Market shares of the largest automakers have been significantly changing since 2000

October 20th, 2015 - Nearly 72% of all worldwide produced automobiles (71.8%) rolled from the assembly belts of the ten largest car manufacturers in 2014.


Fourteen years ago, when internationalization of automobile production had started, this share stood a bit lower at 70.3%. So the largest automakers could increase their world market share, however, their constitution changed decisively as the table shows.

The market shares of the 10 largest automakers from 2000 to 2014.

The changes of the position of the ten manufacturers can directly be read from their ranking.


In 2000 two manufacturers did still not belong to the ten largest ones, i.e. Hyundai from South Korea and Suziki from Japan. At that time Fiat Iveco stood at rank seven and merged completely with Chrysler in 2014 that had been part of Daimler Chrysler in 2000.


To make the relations of size and power more visible among the ten largest companies, we suggest three groups. 


Manufacturers with a market share of 10% and more form the "large group“, such with a market share of 5% and below 10% the "medium group“ and finally such with a market share of below 5% the "smaller group“.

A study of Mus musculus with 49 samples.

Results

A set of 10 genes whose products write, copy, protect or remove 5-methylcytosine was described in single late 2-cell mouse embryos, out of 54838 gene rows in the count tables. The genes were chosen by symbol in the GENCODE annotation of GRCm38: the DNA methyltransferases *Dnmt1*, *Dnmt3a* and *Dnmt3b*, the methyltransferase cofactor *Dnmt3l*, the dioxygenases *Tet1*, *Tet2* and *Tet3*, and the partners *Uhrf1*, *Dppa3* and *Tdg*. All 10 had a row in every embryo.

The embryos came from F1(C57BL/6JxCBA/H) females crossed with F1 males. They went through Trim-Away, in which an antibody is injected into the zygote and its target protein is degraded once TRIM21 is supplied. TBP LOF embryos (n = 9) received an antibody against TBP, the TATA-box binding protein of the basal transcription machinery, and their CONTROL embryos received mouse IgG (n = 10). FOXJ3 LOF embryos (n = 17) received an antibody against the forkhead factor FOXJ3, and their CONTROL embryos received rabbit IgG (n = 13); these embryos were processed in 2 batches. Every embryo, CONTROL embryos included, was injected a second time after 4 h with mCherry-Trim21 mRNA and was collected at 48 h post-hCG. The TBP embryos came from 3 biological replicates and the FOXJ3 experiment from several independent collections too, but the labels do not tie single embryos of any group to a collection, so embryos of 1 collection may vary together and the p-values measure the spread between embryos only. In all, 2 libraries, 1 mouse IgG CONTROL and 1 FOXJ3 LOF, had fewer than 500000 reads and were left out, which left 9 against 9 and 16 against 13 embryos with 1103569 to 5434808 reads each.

What shows up now?

The medium group developed best

In 2000 only one company (VOLKSWAGEN) belonged to the medium group with a market share of 8.7%. Fourteen years later the medium group consists of the half of the ten largest automakers. That concerns the manufacturers Hyundai, Ford, Nissan, Fiat Chrysler and Honda. The market share of the medium group stands at 32%. So in this time the medium group succeeded in extending its market share by more than the threefold.


The large group still consists of three companies with VW having succeeded to climb up from the medium group and with Ford scaled down to the medium group. The market share of the large group decreased from 36.6% (2000) to 33.4% (2014).


The smaller group dwindled from six to two carmakers by thwo thirds as much as its market share from 25% (2000) to 6.7% (2014). Nissan, Fiat Chrysler and Hyundai climbed up from the smaller to the medium group. Suzuki and PSA remain in the smaller group for fourteen years.


These shifts between the groups happened against the background of a motor vehicle production that was altogether growing worldwide. Obviously this fact enabled the medium group to grow dynamically amid intensified competition. This may suggest that in such a phase the mere size alone is not in the position to grow dynamically.